In 1970, Egypt celebrated the 1000th year of Al-Azhar (Arabic for “splendid”), the nation’s oldest, and the Muslim world’s most renowned, Islamic university. Only al-Qarawiyyin in Morocco was founded earlier (859 AD).
Founded in Cairo as a Shia school, Al-Azhar has become the Sunni leader in the study of literature, Sharia law, Arabic grammar, Islamic astronomy, and Islamic philosophy. Saladin, the sultan who re-took Jerusalem from the Crusaders, forced it to become Sunni. When the Mongols savagely destroyed Baghdad and Spanish armies re-conquered Andalusia, Sunni scholars fled to Al-Azhar. It grew into the leading Sunni voice in the world under the Mamluk sultans (1250-1517).
In 1960, Egypt nationalised Al-Azhar and turned it into a modern university. It first admitted women in 1962. Today, its attendance has grown to more than 320,000 students, with 7,500-faculty and staff. However it ranks only 801st among world universities – 41st in the Arab world.
Al-Azhar has consistently produced the world’s top Sunni scholars known for their courage. In the 18th century, they rebelled against Saudi Arabia’s militant Wahhabi-Salafi theology and resisted Napoleon’s invasion of Egypt. In the 19th century, Al-Azhar courageously welcomed their first progressive scholars, who modernized Islamic academics while preserving its classical heritage.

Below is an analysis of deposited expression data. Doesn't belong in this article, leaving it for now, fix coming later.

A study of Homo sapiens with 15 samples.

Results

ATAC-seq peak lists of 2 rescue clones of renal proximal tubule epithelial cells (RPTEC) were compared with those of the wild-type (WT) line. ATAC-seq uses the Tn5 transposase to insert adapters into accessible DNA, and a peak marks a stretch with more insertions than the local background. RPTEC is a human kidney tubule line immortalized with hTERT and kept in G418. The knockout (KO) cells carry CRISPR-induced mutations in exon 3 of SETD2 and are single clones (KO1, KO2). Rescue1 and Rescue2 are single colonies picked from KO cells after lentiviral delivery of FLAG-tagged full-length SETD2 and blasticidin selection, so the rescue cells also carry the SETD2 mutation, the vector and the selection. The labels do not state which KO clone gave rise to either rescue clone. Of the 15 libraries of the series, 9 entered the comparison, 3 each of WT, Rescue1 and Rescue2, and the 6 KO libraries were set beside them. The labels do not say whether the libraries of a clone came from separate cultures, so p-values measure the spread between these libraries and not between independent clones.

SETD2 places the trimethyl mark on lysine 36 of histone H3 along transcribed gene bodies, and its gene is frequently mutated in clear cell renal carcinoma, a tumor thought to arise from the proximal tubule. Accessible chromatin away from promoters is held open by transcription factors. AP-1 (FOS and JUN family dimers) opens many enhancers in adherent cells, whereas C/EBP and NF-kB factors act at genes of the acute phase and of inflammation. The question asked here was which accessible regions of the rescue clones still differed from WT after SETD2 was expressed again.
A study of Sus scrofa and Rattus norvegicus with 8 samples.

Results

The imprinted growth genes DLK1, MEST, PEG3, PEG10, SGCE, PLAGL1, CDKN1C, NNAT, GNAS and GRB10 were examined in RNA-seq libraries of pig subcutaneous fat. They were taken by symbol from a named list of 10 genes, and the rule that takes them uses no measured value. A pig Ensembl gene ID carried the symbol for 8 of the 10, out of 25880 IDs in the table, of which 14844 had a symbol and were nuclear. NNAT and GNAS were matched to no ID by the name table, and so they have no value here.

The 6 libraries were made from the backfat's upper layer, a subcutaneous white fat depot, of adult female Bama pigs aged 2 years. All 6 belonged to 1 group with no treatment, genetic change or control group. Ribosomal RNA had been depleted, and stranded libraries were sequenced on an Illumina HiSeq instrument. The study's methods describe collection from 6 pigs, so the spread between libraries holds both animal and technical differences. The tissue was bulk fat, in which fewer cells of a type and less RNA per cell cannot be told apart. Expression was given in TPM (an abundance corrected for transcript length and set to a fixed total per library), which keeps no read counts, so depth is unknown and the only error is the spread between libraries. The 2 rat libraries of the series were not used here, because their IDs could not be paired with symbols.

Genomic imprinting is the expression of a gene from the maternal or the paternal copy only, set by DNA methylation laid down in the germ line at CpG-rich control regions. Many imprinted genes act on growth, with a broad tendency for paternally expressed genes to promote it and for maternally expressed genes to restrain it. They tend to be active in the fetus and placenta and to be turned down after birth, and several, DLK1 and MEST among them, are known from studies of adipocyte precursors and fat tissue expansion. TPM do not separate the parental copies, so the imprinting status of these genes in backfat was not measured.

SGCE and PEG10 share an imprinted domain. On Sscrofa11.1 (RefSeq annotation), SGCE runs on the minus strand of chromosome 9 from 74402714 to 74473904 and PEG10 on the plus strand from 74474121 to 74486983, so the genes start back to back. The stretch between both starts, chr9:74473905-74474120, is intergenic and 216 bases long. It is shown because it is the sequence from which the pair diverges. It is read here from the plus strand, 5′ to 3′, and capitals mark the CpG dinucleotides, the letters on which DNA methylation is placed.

Al-Azhar continues to resist both militant Islam and secular ideology, while integrating modern disciplines with classical theology. Today, its tolerant conservatism attracts tens of thousands of devout Sunni students. It partners with over 4000 teaching institutions.
When the theologians of Al-Azhar speak, Sunni Muslims listen. If Islamic leaders will ever permit a relaxation of mistreatment of Christians or those converting to Christ, it will likely come from Al-Azhar. In the absence of a worldwide Muslim caliph (successor to Muhammad), Al-Azhar is the closest approximation to the theological center of gravity in the Sunni Islamic world today.